Markets

Dow jumps more than 250 points to a record


Stocks rose to all-time highs on Wednesday as investors shook off concerns over how the coronavirus would impact corporate profits and the global economy. (Click here to get the latest news on the market).

The Dow Jones Industrial Average closed 275.08 points higher, or 0.9%, at 29,551.42. The S&P 500 advanced 0.6% to 3,379.45 while the Nasdaq Composite gained 0.8% to end the day at 9,725.96.

UnitedHealth climbed more than 4% to lead the Dow higher. Nike, Apple and Caterpillar all rose more than 2%. Tech and energy were the best-performing sectors in the S&P 500, climbing more than 1% each.

As of Tuesday night, China's National Health Commission had reported 97 additional deaths with total confirmed cases passing 44,000. However, the pace of new reported cases appears to be slowing down as they hit their lowest levels since late January. Chinese lawmakers have also taken steps to curb a possible economic downturn from the coronavirus.

"Investors showed resilience by pushing stocks back to all-time highs, especially in the US, anticipating a strong V-shaped recovery when this is over," Eylem Senyuz, global macro strategist at SunTrust Advisory, said in a note. But "as the coronavirus continues to spread across China and the globe, much of its impact remains unknown."

Wynn Resorts and Las Vegas Sands, two stocks tied to coronavirus worries because of their exposure to the Chinese market, each rose more than 3%. Those gains follow an upgrade from a Bank of America analyst who recommended buying the stock because coronavirus cases were "leveling out."

Delta and American Airlines climbed 1.4% and 2.1%, respectively.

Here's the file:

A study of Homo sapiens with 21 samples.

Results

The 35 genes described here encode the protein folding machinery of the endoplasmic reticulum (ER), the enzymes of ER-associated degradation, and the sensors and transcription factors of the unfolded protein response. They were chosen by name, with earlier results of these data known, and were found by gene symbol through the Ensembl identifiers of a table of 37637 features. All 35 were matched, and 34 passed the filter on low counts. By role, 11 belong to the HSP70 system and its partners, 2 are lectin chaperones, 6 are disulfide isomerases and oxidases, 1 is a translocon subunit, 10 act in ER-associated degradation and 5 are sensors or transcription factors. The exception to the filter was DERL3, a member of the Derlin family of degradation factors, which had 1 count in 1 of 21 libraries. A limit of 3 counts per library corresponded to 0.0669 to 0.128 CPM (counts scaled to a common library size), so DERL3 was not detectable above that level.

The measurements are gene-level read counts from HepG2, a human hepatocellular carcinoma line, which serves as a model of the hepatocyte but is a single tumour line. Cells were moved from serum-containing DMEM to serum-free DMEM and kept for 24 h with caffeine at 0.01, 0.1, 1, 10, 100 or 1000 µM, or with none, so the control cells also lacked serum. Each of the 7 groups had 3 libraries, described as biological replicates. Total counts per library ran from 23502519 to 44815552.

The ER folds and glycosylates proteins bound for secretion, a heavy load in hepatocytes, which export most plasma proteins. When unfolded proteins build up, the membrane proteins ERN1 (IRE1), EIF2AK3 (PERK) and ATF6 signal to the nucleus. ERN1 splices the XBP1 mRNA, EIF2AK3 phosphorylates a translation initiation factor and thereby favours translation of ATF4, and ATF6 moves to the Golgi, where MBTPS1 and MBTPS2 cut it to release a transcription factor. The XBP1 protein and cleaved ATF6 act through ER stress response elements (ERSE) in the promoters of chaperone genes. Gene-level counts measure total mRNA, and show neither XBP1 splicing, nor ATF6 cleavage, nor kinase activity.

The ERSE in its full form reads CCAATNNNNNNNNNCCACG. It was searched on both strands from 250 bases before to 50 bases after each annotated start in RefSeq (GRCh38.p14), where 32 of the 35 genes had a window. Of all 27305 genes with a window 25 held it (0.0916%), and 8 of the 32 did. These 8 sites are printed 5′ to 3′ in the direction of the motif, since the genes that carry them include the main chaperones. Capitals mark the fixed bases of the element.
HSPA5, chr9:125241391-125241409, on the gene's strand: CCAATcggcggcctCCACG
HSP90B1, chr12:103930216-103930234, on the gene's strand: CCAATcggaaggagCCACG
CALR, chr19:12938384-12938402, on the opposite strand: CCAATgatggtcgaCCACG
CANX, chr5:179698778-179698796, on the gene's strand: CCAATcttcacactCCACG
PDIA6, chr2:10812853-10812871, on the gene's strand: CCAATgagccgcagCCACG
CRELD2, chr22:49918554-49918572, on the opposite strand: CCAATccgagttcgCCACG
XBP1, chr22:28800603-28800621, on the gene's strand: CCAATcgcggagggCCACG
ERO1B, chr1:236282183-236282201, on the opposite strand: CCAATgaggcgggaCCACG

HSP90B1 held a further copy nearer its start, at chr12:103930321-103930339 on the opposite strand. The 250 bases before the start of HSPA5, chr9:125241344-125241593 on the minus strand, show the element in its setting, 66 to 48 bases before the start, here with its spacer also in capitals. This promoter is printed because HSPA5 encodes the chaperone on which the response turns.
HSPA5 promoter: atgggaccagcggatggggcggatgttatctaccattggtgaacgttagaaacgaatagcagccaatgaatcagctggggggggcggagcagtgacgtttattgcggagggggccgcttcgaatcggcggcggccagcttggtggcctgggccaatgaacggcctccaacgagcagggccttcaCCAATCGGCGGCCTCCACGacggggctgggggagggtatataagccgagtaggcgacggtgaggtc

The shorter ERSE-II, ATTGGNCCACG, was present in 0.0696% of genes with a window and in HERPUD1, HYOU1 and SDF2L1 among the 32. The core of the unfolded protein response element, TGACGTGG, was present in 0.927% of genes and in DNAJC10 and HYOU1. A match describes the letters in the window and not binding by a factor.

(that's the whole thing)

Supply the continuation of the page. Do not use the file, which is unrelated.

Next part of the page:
Federal Reserve Chairman Jerome Powell on Tuesday testified in front of the House Financial Services Committee that the American economy is in a good place, but that the central bank is "closely monitoring" the potential global economic fallout from the virus.

Powell testified again in front of the Senate Banking Committee on Wednesday, noting the central bank should have an idea of the coronavirus' impact on the U.S. economy "fairly soon."

Corporate earnings remained in focus after Lyft reported more than $1 billion in quarterly revenue, but forecast slower growth in 2020. Lyft shares slid 10.2%.

CVS Health, Molson Coors, Teva Pharmaceutical and Shopify all reported quarterly results that beat analyst expectations. About 70% of S&P 500 companies have posted calendar fourth-quarter results. Of those companies, 71.1% have beaten analyst expectations, FactSet data shows.

"We have been saying that future stock gains would require P/E multiple expansion," said Nick Raich, CEO of The Earnings Scout. "That is exactly what is happening."

"Taking into account the Fed's accommodative policies and the elevated valuation levels for the S&P 500, we want you to participate in the stock rally. However, we do not want you to be greedy," he added.

—CNBC's Elliot Smith contributed to this report.